Researchers in New Hampshire have discovered that the implementation of an alert function in the electronic medical record (EMR) can inform physicians about the most up-to-date best practice guidelines. The EMR’s “best practice alert” allowed pathologists to remind physicians about the latest evidence at the moment of each transfusion order, which resulted in fewer two-unit transfusions for patients who were not bleeding. Physicians were then more likely to comply with evidence-based practices.
The study showed a drop in the proportion of two-unit transfusions, from 47 to 15 percent, after the implementation of electronic best practice alerts. The research was conducted by Nancy M. Dunbar, MD, of the Dartmouth-Hitchcock Medical Center in Lebanon, New Hampshire. Dunbar and her colleagues from the departments of Pathology and Medicine performed the research with lead author Swaroopa Yerrabothala, a hematology-oncology fellow at Dartmouth-Hitchcock’s Norris Cotton Cancer Center.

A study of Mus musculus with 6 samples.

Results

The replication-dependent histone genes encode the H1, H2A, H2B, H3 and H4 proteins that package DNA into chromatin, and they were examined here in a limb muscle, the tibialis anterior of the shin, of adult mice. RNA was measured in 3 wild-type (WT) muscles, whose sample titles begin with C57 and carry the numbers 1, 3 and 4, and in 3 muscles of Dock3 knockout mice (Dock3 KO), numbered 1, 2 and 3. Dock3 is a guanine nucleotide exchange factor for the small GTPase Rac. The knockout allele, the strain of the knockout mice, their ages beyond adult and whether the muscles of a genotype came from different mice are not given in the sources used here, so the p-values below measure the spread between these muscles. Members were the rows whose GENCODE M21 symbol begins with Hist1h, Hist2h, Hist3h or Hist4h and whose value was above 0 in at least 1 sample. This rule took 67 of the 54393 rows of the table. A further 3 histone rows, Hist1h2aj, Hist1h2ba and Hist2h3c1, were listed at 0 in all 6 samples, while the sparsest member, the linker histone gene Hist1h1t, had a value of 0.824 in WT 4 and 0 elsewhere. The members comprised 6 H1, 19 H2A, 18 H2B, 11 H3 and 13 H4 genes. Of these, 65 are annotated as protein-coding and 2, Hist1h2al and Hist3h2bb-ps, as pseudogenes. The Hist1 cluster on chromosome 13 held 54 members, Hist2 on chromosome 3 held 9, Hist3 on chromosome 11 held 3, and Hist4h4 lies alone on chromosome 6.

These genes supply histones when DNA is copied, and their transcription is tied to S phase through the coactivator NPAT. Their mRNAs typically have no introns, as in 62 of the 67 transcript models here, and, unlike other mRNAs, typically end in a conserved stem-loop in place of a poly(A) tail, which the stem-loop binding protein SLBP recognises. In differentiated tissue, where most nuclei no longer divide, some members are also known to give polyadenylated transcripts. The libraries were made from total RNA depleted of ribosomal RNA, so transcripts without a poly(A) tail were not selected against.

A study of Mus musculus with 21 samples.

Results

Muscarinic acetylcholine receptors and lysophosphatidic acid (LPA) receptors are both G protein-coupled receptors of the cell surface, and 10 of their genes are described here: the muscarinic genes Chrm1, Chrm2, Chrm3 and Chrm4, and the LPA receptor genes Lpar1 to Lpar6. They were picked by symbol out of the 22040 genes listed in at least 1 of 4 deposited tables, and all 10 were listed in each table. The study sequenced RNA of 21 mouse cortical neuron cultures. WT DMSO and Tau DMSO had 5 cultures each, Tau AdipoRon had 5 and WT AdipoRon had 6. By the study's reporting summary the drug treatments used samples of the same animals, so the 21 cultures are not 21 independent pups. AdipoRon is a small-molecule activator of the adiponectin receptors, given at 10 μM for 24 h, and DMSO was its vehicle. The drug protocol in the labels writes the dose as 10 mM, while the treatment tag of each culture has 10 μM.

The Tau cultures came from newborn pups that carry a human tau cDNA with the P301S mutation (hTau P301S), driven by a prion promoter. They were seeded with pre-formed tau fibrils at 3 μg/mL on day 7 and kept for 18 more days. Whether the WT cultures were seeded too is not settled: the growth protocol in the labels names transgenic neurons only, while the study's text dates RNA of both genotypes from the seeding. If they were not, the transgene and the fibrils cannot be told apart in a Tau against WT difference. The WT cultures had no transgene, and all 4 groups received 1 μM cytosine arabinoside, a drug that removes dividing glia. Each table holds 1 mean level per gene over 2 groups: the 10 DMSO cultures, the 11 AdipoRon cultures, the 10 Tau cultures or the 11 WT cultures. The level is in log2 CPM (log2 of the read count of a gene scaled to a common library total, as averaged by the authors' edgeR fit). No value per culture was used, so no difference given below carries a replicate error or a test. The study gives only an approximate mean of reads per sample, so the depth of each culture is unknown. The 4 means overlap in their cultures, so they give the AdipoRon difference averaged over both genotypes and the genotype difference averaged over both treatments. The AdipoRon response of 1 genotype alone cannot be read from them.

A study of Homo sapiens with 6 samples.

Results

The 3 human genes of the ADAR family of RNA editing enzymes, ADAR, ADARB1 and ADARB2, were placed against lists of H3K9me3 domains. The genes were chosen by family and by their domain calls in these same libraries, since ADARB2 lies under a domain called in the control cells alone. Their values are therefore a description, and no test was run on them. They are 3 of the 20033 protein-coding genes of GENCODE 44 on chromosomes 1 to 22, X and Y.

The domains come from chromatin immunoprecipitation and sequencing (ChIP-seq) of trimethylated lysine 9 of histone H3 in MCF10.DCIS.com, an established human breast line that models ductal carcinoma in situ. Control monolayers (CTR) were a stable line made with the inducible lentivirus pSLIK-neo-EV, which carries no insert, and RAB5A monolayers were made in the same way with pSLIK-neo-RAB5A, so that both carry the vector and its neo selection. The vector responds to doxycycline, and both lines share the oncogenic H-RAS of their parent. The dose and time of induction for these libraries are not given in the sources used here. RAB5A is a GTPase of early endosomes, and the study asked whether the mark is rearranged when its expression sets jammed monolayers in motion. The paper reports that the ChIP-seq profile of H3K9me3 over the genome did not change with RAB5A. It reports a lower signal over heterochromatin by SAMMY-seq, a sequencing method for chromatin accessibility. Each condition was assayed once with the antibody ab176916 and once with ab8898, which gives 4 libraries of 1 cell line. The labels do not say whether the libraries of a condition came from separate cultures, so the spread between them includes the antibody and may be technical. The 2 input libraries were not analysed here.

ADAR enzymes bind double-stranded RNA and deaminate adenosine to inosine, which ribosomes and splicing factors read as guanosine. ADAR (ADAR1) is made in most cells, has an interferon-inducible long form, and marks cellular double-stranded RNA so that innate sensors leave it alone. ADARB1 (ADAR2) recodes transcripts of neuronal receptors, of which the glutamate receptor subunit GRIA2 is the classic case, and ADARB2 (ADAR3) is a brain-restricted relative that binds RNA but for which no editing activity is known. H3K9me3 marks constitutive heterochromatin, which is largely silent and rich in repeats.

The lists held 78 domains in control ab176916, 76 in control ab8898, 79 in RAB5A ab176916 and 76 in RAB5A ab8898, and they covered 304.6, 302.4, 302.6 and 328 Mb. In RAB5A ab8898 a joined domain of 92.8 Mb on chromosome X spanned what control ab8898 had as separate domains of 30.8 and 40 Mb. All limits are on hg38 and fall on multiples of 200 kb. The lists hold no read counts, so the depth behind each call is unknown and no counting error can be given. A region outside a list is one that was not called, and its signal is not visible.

EMR As Educational Tool
Physicians may have a love-hate relationship with the electronic medical record, but there is no denying its impact on clinical practice. By embracing information technology, the quality of medical care can be improved throughout institutions, Dunbar said. The adoption of new guidelines and the need to inform physicians about the most recently available best practices in transfusion is what prompted the research team to consider the EMR as a tool for educating clinicians in near-time.
"We figured out how to harness the power of the electronic medical record to embed evidence based transfusion criteria into the computerised physician order entry process through the best practices alert functionality," explained Dunbar. The EMR is proving especially useful, she noted, given the challenge of provider compliance with evidence-based guidelines at large academic medical centres. Frequent reminders at the point of order entry may result in behaviour which is less temporary in nature.
Evolving Evidence For Best Practices
The research team continues to identify opportunities for improving transfusion practices, based on the newest evidence available. "Best practices in transfusion medicine are updated continuously and it is our role in pathology to adopt the changes for our institution and spread the word," Dunbar said. Those who practice outside of evidence-based criteria stand to benefit from the near-time updates and reminders through the alert function embedded into the EMR.
The study has been published in Transfusion.